Song receives ACS's Henry H. Storch Award in Fuel Chemistry

April 26, 2010

Chunshan Song, Distinguished Professor of fuel science and director of the College of Earth and Mineral Sciences' Energy Institute, Penn State, received the Henry H. Storch Award in Fuel Chemistry.

The award in recognized Song's outstanding contributions to fuel science, especially in clean fuels, catalysis, and carbon dioxide capture and conversion research.

The Henry H. Storch Award, co-sponsored by the Division of Fuel Chemistry of the American Chemical Society and Elsevier Ltd., is given annually to recognize an individual in the field of fuel science for an exceptional contribution to research on the chemistry and utilization of hydrocarbon fuels. Special consideration is given to innovation and novelty in the use of fuels, characterization of fuels, and advances in fuel chemistry that benefit the public welfare or the environment. The award is the highest ACS Fuel Chemistry Division's honor for research.

Song is internationally known for his contributions to clean fuels, catalysis and carbon dioxide capture and conversion research. His early research on catalytic coal liquefaction and the effects of drying on low temperature coal conversion led to a method for preparing highly active dispersed catalysts. Further fundamental studies using probe molecules resulted in two patents related to nano-sized ultra-high-surface metal sulfide catalysts. From his efforts to make better use of coal-derived aromatics, he designed shape-selective alkylation catalysts used in the synthesis of advanced polymers precursors and engineering materials from naphthalene.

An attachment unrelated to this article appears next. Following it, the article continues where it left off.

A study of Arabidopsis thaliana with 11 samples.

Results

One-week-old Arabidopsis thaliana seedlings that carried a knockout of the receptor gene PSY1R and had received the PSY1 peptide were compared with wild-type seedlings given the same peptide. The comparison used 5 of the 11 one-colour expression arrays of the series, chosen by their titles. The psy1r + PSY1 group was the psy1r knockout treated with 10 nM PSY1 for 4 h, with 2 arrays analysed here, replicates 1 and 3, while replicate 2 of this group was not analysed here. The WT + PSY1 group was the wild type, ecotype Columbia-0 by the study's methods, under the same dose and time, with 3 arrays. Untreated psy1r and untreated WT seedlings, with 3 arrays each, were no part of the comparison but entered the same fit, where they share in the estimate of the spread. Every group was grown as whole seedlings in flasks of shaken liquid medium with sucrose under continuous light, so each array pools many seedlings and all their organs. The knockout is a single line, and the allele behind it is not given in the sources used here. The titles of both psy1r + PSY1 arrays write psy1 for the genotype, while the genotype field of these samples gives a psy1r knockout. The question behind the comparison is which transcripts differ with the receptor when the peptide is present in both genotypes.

His contributions to coal-based advanced thermally stable jet fuels rely on the fundamental chemistry related to fuel composition and structure. For ultra-clean fuels and fuel cells, Song and his group devised a selective adsorption approach for removing sulfur from liquid hydrocarbon fuels without using hydrogen.

A Storch Award Symposium in Honor of Chunshan Song will be held at ACS Fall 2010 National Meeting, Boston, August 22 - 26.
-end-


Penn State

Related Chemistry Articles from Brightsurf:

Searching for the chemistry of life
In the search for the chemical origins of life, researchers have found a possible alternative path for the emergence of the characteristic DNA pattern: According to the experiments, the characteristic DNA base pairs can form by dry heating, without water or other solvents.

Sustainable chemistry at the quantum level
University of Pittsburgh Associate Professor John A. Keith is using new quantum chemistry computing procedures to categorize hypothetical electrocatalysts that are ''too slow'' or ''too expensive'', far more thoroughly and quickly than was considered possible a few years ago.

Can ionic liquids transform chemistry?
Table salt is a commonplace ingredient in the kitchen, but a different kind of salt is at the forefront of chemistry innovation.

Principles for a green chemistry future
A team led by researchers from the Yale School of Forestry & Environmental Studies recently authored a paper featured in Science that outlines how green chemistry is essential for a sustainable future.

Sugar changes the chemistry of your brain
The idea of food addiction is a very controversial topic among scientists.

Reflecting on the year in chemistry
A lot can happen in a year, especially when it comes to science.

Better chemistry through tiny antennae
A research team at The University of Tokyo has developed a new method for actively controlling the breaking of chemical bonds by shining infrared lasers on tiny antennae.

Chemistry in motion
For the first time, researchers have managed to view previously inaccessible details of certain chemical processes.

Researchers enrich silver chemistry
Researchers from Russia and Saudi Arabia have proposed an efficient method for obtaining fundamental data necessary for understanding chemical and physical processes involving substances in the gaseous state.

The chemistry behind kibble (video)
Have you ever thought about how strange it is that dogs eat these dry, weird-smelling bits of food for their entire lives and never get sick of them?

Read More: Chemistry News and Chemistry Current Events
Brightsurf.com is a participant in the Amazon Services LLC Associates Program, an affiliate advertising program designed to provide a means for sites to earn advertising fees by advertising and linking to Amazon.com.